Saturday, May 6, 2017

Maintenance Rituxan Improves Overall Survival in FL?

New research published in the European Journal of Cancer suggests that Rituxan Maintenance after chemotherapy might improve Overall Survival in Follicular Lymphoma patients.

The idea of Rituxan Maintenance has been controversial since it was approved. The idea is that, after getting some kind of treatment (usually chemotherapy of some sort), the patient is given Rituxan at regular intervals for a period of time -- usually 2 years. The additional Rituxan is supposed to clean up any remaining FL cells and keep the disease away for longer than the initial treatment.

Previous studies of Rituxan Maintenance have shown mixed results -- there seems general agreement that Maintenance improved Progression Free Survival, and some suggest that it improves Overall Survival, though others say the opposite, and it does not improve OS. Maintenance also has its problems -- because it suppresses the immune system, it can raise the risk of infections. And because it is given for a long time, it increases the chances of Rituxan Resistance -- basically, Rituxan just stops doing its job if it is used too much.

So there is some debate about whether or not Maintenance Rituxan is worth doing. As with most Follicular Lymphoma treatments, Overall Survival is an important factor -- if it's not going to keep us alive any longer than other treatments, do the positives outweigh the negatives?

So that's where this new study comes in.

The authors of the study did a IPD meta-analysis -- an Individual Participant Data study. Basically, that means that they didn't look at any new patients. Instead, they went back to the researchers from 7 previous studies of Rituxan Maintenance in FL, and asked to look at their original data. This allowed the researchers of the new study to have a much wider group of patients to look at.

The 7 combined groups involved studies that looked at the same thing -- some patients were given Maintenance after their first treatment, and some were not. The new study looked at 2315 patients -- 1145 received Maintenance, and 1170 did not. Most of them received either chemotherapy (CHOP, CVP, or Fludarabine) or Chemoimmunotherapy (R-CHOP, R-CVP, or R-Fludarabine). Overall, patients who received Maintenance had a better Overall Survival -- 12 years, instead the 11.5 years for patients who did not receive Maintenance.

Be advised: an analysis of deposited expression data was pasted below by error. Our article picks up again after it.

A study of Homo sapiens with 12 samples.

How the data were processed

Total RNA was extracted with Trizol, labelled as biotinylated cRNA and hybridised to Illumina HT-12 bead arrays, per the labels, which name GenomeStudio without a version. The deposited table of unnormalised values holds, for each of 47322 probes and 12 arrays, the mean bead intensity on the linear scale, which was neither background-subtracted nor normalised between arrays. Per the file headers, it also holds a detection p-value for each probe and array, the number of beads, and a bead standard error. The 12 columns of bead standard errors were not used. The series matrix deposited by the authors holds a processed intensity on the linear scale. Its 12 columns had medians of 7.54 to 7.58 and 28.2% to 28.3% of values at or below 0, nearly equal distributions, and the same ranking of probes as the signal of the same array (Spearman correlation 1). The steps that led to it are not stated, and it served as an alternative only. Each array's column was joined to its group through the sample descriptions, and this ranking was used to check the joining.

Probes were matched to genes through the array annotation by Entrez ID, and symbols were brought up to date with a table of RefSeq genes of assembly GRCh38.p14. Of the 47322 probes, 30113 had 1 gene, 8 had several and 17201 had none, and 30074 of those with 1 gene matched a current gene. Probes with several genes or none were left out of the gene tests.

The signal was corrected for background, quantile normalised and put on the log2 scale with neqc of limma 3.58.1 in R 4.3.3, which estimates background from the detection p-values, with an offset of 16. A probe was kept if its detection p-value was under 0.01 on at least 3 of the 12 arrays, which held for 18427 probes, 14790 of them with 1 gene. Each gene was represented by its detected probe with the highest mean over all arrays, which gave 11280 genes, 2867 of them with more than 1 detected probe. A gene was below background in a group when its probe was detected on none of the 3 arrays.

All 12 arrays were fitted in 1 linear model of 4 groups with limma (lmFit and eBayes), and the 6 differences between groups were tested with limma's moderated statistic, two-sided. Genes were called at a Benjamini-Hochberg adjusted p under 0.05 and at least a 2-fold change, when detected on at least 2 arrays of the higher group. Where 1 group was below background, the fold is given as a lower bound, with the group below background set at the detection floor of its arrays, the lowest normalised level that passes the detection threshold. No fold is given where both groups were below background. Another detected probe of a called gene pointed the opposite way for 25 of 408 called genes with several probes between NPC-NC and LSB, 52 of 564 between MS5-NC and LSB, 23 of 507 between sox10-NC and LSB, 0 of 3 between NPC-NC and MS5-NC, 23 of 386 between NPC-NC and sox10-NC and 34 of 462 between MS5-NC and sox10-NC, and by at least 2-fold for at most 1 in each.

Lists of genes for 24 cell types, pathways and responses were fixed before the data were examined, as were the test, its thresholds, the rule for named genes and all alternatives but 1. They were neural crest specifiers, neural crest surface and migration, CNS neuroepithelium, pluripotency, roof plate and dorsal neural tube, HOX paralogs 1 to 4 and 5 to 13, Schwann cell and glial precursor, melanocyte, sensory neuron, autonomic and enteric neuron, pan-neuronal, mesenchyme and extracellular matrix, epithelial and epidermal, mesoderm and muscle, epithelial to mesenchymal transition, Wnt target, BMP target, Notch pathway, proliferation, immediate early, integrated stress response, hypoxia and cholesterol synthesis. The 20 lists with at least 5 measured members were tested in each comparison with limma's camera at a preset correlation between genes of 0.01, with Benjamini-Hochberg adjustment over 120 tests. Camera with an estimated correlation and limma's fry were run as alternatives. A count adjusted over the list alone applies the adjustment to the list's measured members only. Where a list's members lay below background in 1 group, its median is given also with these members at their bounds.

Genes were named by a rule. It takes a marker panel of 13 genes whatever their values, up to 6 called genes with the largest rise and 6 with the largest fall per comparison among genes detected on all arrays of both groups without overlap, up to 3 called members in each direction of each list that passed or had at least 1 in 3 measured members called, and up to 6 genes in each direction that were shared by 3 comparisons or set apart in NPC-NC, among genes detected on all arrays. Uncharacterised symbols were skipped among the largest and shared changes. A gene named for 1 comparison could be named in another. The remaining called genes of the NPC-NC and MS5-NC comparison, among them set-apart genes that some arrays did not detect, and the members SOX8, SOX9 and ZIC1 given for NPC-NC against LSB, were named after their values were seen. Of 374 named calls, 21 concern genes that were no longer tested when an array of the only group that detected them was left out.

But the breakdown of different categories makes things less clear. Patients who had Maintenance after one initial treatment of chemo or R+chemo (not just straight chemo) had an Overall Survival about the same as patients who didn't receive Maintenance. But patients who received Maintenance after a second round of R + chemo had a 30% higher OS than those who didn't receive Maintenance.

Complicating things further is that the meta-analysis confirmed that Maintenance raises the risk for infections. And the researchers also point out that the analysis doesn't include any studies that looked at Bendamustine + Rituxan as a pre-Maintenance treatment (important since Bendamustine has become a pretty popular form of chemo for FL patients).

Despite all of that, the authors of the article recommend that all Follicular Lymphoma patients receive Rituxan Maintenance.

The site Cancer Therapy Advisor ran a good summary and commentary about the study (and was very helpful to me in understanding some of the EJC article). It ends with some comments from an oncology researcher, who questions whether the study justifies that all FL patients should get maintenance.

I would tend to agree. (Not that I'm an oncologist or researcher or scientist.) As a patient, I don't think the analysis would have been enough for me to justify Maintenance in my situation (Rituxan but no chemo). That's easy to say, looking back 7 years later, though even back then, I had accepted my oncologist's idea that we should do the minimum necessary, and keep the long road ahead in mind.

Of course, the point of all of this is to not listen to me when you need to make these kinds of decisions, but to listen to your doctor, and know enough to have an informed conversation about it.

Unfortunately, we still have no easy answers when it comes to decisions about Follicular Lymphoma.